For many individuals, the Christmas holiday does not bring with it the peace and joy that is advertised on television and greeting cards. For those who have lost a loved one, are sick, or are dealing with a divorce or separation the holidays can be a challenging time. When you are constantly surrounded with the message that this is “the most wonderful time of the year” this reinforces the idea that sadness and anxiety are not welcome in the holiday festivities.
Because of the tragedies that occurred this past year, countless individuals are holding immense burdens, such as dealing with the loss of a home after it had been destroyed in the fires or hurricane, coping with the loss of a loved one’s life in a shooting incident or other natural disaster. Our nation, and our world have experienced much loss and tragedy in 2017, and there is a growing awareness of people “feeling blue.” In response, there is an increasing number of churches who are creating sacred spaces for people living through dark times, providing Blue Christmas services.
Blue Christmas is also called the “Longest Night” in the Western Christian Tradition. It is a day in the Advent season that marks the longest night of the year, which falls on or about Dec. 21, the Winter Solstice. These services have a much more somber, quiet feel that traditional Christmas worship services. Music, Scripture, meditations and sermons focus on the comforting presence of the Lord during hard times.
I think the idea of the church providing Blue Christmas services is a beautiful image of how the church is called to come alongside the members in the congregation, their brothers and sisters in Christ to love and support them. This is a powerful way we are to “Be the Church.” Walking with individuals who are grieving and encouraging them to seek Christ and see the light return in their lives. And providing an opportunity for people to hear about the God of love who comes to us in the midst of the mess and pain. A place to be transparent with oneself and with God, a place to be real with one’s struggles and questions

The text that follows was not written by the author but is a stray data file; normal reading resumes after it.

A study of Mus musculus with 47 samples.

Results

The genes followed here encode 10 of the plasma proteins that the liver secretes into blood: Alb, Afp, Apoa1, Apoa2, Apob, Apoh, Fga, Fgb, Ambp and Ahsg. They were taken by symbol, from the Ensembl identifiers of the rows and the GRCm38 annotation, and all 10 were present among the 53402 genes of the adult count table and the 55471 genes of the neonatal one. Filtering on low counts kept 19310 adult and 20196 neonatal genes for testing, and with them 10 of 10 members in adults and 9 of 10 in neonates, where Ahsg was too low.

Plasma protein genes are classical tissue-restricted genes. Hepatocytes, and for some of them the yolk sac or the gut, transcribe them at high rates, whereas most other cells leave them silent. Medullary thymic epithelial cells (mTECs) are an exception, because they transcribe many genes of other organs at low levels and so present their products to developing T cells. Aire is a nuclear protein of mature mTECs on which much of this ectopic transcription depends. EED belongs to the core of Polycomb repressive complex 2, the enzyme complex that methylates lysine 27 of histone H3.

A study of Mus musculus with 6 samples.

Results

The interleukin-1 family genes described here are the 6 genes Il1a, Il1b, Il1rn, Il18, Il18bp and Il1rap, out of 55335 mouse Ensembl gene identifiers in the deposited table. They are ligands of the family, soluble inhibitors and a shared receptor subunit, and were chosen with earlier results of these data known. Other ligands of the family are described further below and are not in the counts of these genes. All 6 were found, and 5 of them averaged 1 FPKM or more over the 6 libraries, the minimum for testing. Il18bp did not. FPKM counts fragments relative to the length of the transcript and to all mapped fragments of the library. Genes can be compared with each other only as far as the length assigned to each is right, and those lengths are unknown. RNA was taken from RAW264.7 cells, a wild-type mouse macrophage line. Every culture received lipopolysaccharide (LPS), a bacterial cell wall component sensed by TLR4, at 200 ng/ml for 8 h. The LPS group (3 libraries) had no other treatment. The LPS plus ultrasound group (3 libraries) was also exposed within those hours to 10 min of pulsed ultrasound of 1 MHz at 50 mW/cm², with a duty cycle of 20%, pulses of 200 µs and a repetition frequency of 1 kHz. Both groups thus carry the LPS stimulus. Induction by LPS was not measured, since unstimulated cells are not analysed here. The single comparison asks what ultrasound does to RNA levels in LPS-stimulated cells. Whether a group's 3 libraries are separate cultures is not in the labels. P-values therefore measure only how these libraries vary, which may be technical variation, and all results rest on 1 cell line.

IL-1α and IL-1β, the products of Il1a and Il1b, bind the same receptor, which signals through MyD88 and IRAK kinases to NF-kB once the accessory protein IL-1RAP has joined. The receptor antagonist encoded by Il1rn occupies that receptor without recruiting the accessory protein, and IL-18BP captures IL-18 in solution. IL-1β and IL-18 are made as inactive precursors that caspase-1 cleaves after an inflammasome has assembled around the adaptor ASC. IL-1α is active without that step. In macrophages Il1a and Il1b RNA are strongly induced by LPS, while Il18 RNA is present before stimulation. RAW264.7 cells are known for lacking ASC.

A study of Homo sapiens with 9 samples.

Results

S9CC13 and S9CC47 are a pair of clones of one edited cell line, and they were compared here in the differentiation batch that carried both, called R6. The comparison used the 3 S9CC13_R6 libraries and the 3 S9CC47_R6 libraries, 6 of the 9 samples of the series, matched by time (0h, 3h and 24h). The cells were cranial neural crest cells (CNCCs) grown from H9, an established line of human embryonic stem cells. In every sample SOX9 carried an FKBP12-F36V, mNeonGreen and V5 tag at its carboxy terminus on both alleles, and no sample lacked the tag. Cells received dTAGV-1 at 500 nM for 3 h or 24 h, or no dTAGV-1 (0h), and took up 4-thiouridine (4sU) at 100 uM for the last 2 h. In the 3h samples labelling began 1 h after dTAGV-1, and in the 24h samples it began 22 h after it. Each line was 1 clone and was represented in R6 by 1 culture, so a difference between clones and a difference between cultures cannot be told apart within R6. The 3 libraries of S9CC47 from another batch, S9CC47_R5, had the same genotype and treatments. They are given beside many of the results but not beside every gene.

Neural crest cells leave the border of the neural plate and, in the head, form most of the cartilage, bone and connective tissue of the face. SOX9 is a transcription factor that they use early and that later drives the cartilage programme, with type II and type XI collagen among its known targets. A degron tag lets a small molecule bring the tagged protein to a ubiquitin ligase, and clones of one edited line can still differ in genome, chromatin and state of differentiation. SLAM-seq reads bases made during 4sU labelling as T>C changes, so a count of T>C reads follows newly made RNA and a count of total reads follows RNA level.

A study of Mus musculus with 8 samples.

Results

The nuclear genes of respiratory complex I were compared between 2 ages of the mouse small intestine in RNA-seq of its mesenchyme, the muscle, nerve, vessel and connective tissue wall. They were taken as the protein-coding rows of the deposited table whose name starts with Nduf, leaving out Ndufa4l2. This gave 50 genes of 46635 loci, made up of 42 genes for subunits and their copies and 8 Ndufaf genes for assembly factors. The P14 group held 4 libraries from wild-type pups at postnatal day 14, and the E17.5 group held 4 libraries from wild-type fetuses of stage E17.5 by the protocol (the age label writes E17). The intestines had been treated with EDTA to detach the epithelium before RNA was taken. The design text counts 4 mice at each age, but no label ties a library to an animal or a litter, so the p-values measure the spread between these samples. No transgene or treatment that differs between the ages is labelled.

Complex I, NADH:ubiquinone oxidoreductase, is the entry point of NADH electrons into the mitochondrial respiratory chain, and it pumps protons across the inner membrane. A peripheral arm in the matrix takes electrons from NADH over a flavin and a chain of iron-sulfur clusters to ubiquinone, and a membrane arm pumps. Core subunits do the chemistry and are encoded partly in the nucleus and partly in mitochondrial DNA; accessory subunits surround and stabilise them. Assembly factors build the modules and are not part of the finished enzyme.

What a privilege for churches to offer a space where the reality of life, with its grief, pain, darkness and ugliness does not have to be left at the church door, but can sit at the foot of the altar with the light and hope, which I believe is the true spirit of Christmas.
A Prayer for anyone in need of a Blue Christmas this holiday season:
Oh God, be with us in our darkness. Make your face shine upon us and give us peace.
We pray for your Holy Spirit to be at work within us, may your Holy Spirit comfort us, may it sustain us, may it remind us of your constant love for us.
Comforting God, Prince of Peace, continue to wrap us in your presence. Be with us in our struggles, and when we get lost in the darkness, shine your light and help us find our way back to you.
Francesca Nevil is a sophomore student at Gonzaga University studying International Relations and Sociology with minors in Social Justice and Leadership. She is originally from Wenatchee and grew up in the valley engaging in all seasons of recreational activity with friends and family. She has a very strong faith life and holds her Christian identity at the center of who she believes and is. Meeting new people and engaging in different cultures brings her the most joy, hence she loves to travel. Nevil spent a year following high school graduation on a solo backpacking trip through Europe, then spent four months immersed in Costa Rican culture. Further, she thinks becoming culturally aware and religiously literate are of the utmost importance, so when she received a Wolff Fellow position partnering with SpokaneFāVS she said she was ecstatic.